For the third time this year* I’m faced with the very real dilemma of whether to discard my instincts when it comes to film appraisal and recommend a film that could be considered to be objectively poor. Perhaps the problem lies in the question of what makes a film successful, if success is a term that should characterise art. Further complicating my impasse is the very real possibility that not all film is art and indeed that not all film ought to be measured and regarded with one unifying attitude. The Gallows, a found-footage horror film by Travis Cluff and Chris Lofing, fails in many distinctions that generally denote a film’s quality. But then, I spent so much of the film hiding in fear behind my trusty puffy jacket that the success of the film’s ambitions in relation to the reaction that it elicited in me is impossible to deny.
The first consideration worth noting regarding my response to The Gallows is that I’m exceptionally easy to startle and I appeared to be one of the very few reviewers in the screening that I attended that was audibly affected by the film (with the exception of one welcome comrade to my right, whose heavy breathing hopefully drowned out my groans of dismay every time I detected an imminent startle.) The second consideration is that every creative field in which a film is customarily judged – narrative, dialogue, cinematography, acting etc. – were entirely void of merit and originality in Cluff and Lofing’s film. If you’ve seen a horror film or a found footage film then you’ve seen The Gallows. It’s the same, but worse.
What’s remarkable about found footage films, aside from the fact that it’s grown into a widely accepted and produced form of cinema, is that they theoretically ought to make a film experience more realistic and yet by engaging in absolute impossibilities and relying on unlikelihoods, the suspension of disbelief that an audience is forced to employ is more drastic. Nobody would persist with the filming that these characters do. It’s not just The Gallows that fails to address this fundamental problem with this breed of film.
But found footage filmmakers are growing increasingly disinterested in considering and exploiting the restrictions and the possibilities that come with the conventions of these films. A notable exception is Unfriended, a film released earlier this year that played out entirely on a computer screen. Whereas in Unfriended the found footage concept augmented the film’s themes and the nature of the format was ingeniously manipulated, there’s the distinct sense with The Gallows that the stylistic devise was employed because of budgetary restraints, and then largely ignored. It’s entirely unnecessary, distracting and poorly executed.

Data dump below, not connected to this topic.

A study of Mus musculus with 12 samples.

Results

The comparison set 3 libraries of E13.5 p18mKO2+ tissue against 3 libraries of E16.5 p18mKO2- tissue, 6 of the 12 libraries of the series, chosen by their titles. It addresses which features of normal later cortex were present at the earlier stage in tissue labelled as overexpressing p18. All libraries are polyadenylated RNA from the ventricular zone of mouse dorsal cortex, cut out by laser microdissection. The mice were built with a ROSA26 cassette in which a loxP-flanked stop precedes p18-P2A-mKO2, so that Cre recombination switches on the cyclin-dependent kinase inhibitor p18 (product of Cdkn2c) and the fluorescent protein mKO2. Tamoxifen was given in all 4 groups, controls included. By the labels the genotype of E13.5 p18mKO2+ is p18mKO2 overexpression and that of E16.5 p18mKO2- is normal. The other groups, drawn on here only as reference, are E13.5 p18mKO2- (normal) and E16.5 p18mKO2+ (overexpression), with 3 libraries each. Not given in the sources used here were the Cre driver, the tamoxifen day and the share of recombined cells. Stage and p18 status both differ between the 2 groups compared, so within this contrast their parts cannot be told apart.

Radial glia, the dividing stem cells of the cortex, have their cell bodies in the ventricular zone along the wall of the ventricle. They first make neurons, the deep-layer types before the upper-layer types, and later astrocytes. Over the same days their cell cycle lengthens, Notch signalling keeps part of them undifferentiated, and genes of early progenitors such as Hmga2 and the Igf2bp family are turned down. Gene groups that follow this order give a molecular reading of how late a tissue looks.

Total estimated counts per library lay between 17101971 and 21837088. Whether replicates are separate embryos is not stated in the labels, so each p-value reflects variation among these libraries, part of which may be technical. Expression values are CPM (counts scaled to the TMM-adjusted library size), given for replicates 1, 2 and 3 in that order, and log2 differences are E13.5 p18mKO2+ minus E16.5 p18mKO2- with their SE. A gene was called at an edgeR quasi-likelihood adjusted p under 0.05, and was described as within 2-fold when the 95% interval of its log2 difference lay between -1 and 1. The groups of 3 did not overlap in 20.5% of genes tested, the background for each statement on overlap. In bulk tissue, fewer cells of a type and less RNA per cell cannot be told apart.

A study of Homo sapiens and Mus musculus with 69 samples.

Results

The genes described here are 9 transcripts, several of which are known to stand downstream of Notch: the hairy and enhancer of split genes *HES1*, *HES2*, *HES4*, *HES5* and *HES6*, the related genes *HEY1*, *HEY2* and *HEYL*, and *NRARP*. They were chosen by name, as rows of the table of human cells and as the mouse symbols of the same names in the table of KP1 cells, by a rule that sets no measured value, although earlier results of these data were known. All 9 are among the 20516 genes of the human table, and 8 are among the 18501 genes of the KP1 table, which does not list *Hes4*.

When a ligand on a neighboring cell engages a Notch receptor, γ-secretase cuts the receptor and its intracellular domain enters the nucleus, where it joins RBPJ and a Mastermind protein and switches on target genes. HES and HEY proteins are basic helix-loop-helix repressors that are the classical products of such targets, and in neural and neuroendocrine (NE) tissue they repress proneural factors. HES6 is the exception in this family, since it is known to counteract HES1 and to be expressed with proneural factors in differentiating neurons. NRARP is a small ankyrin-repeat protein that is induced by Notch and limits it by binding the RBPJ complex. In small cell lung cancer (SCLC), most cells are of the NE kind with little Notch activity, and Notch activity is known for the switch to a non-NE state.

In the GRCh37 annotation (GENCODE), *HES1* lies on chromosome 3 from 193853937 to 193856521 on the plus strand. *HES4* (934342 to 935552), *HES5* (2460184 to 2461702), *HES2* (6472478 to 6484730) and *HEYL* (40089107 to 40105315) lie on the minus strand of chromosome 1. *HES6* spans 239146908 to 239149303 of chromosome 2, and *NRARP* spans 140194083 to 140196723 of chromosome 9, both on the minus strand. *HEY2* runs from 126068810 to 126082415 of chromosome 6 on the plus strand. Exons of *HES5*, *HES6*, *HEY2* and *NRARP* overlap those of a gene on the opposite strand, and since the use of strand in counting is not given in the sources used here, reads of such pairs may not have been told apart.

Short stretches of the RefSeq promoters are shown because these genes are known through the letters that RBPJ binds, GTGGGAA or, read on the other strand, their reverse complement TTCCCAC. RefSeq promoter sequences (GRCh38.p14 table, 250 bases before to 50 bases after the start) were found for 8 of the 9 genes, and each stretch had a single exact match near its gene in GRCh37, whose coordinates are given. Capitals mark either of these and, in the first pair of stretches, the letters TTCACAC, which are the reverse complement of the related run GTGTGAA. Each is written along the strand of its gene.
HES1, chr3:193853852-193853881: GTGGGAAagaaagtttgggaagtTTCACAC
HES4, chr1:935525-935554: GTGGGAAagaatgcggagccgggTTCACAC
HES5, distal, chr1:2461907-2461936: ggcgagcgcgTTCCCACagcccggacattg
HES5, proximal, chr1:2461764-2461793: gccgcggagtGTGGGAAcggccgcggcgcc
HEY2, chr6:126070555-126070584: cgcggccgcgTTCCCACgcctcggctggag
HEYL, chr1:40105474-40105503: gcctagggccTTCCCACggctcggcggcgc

The narrative is neither compelling nor significant. It’s 1993, at the Beatrice High School performance of “The Gallows.” Tragedy hits the play when the lead actor is unintentionally hanged in front of the audience and his co-stars; a disaster the result of a faulty prop. Twenty years later and Beatrice High is revisiting the play for the first time since the accident, with shy footballer Reese Houser (Reese Mishler) and theatre enthusiast Pfeifer Ross (Pfeifer Brown) as the two leads. Houser is having doubts about his abilities as a leading man, so his friend Ryan Shoos (Ryan Shoos…yep) convinces him that it’s a good idea to break into the school theatre in the middle of the night and destroy the sets. Up until this point, my puffy jacket had remained firmly over the part of my body to which jackets normally pertain. It wasn’t scary, it was just bad.
But Cluff and Lofing appreciate the inherent spookiness that clings to theatres. They are eerie places, perhaps because of all the hidden areas behind and below a stage, perhaps because an empty theatre is so unsettlingly lonely with the ghosts of performance past or perhaps because by its very nature, theatre is, like cinema, all about deception. Beyond this appreciation, the filmmakers barely handle their filmic environment in a way that equals its potential, although that might have been a byproduct of the disorienting camerawork that always accompanies these found footage films.
And yet regardless of the emptiness of thought or filmmaking aptitude, The Gallows turned me into a shell of my former self. For the duration of much of its running time, I wanted the experience to be over; not because of all the problems that I’ve mentioned in this review but because I just couldn’t handle watching what might happen to these characters. It’s worth mentioning that what might have happened to the characters often didn’t, but the imagination is a powerful ally of a filmmaker with a zeal for jump scares. It’s impossible for me to say whether these scares were earned or cheap startle techniques and it’s exceedingly possible that I was scared to an equivalent degree by a housemate jumping out at me while I was making breakfast this past weekend. There will no doubt be horror enthusiasts who will laugh off the stale thrills that The Gallows has to offer. Perhaps they ought to spare a thought for the puffy jacket wearing film critics curled up in a ball in the Jam Factory cinemas Gold Class at 10:30am on a Monday morning.